Peter Stubley
·3-min read
A Qatar Airways plane over Doha in Qatar (REUTERS)
A Qatar Airways plane over Doha in Qatar (REUTERS)

Australia's government has registered "serious concerns" with Qatar over reports that women were ordered off a plane and strip-searched.

Officials at Hamad International Airport in Doha are said to have subjected the passengers to an internal examination after a premature newborn baby was found in a bathroom.

The women complained they were told to take off all their clothes so a doctor could check whether they had given birth recently.

Channel Seven, which first reported the incident, said that 13 Australians were among the women who were forced to undergo medical examinations in an ambulance on the tarmac.

Dr Wolfgang Babeck, who was on board Flight QR908 from Doha to Sydney on 2 October, told Guardian Australia that the women "were discussing what had happened and saying that it was unacceptable and disgusting."

He said the women told him they were taken to a female doctor and “basically strip searched".

Dr Babeck added that they "had to take everything downwards off, all their clothes, even their underwear. And then the doctor would try to feel in the uterus and stomach area or lower abdomen to see whether they may have given birth recently. Someone had been told that a baby had been found in the toilet and they were trying to find out who the mother was.”

The women are believed to have complained about the incident while completing their mandatory quarantine on their return to Australia.

Australia's Department of Foreign Affairs and Trade said in a statement that the government was "aware of concerning reports regarding the treatment of female passengers, including Australian citizens, at Doha (Hamad) airport in Qatar.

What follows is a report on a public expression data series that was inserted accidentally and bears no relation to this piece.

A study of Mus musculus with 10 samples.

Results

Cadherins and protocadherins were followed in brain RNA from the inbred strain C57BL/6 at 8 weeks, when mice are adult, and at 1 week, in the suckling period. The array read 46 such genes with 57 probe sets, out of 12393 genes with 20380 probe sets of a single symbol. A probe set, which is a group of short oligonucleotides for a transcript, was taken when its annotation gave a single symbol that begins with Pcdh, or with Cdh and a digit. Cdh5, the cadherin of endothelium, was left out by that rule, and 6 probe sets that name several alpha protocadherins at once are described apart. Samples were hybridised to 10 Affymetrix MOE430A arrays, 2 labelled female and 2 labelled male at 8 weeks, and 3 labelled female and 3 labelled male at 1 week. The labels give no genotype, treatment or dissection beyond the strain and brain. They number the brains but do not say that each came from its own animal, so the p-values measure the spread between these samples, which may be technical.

"We have formally registered our serious concerns regarding the incident with Qatari authorities and have been assured that detailed and transparent information on the event will be provided soon."

Marise Payne, Australia’s foreign minister, told reporters it was a "grossly, grossly disturbing, offensive, concerning set of events”.

“It's not something that I've ever heard of occurring in my life, in any context. We have made our views very clear to the Qatari authorities on this matter," she said.

Australia will await a report from the Qatari government before “we will determine the next steps,” Ms Payne added.

She said the matter was reported to Australian Federal Police, but did not explain what action police might take. Police said in a statement they are working with the Department of Foreign Affairs and Trade on the matter and that further comment would be inappropriate.

Samantha Klintworth, the director of Amnesty International Australia, described the incident as "distressing and disturbing and it is a gross violation of these women’s human rights".

"There needs to be a thorough and independent investigation and all of those involved need to be held to account," she told Channel Seven.

Hamad International Airport (HIA) confirmed that a newborn baby had been found abandoned at the airport and “immediately provided with medical attention and care”.

The airport did not comment on reports that the women had been subjected to an intrusive examination but said that officials were trying to locate the baby’s mother.

“Medical professionals expressed concern to officials about the health and welfare of a mother who had just given birth and requested she be located prior to departing HIA,” a spokesperson told The Independent.

"Individuals who had access to the specific area of the airport where the new born infant was found were asked to assist in the query.

“At this time, the new born infant remains unidentified, but is safe under the professional care of medical and social workers. The entire team at HIA requests anyone with any information or knowledge of the mother to contact them.”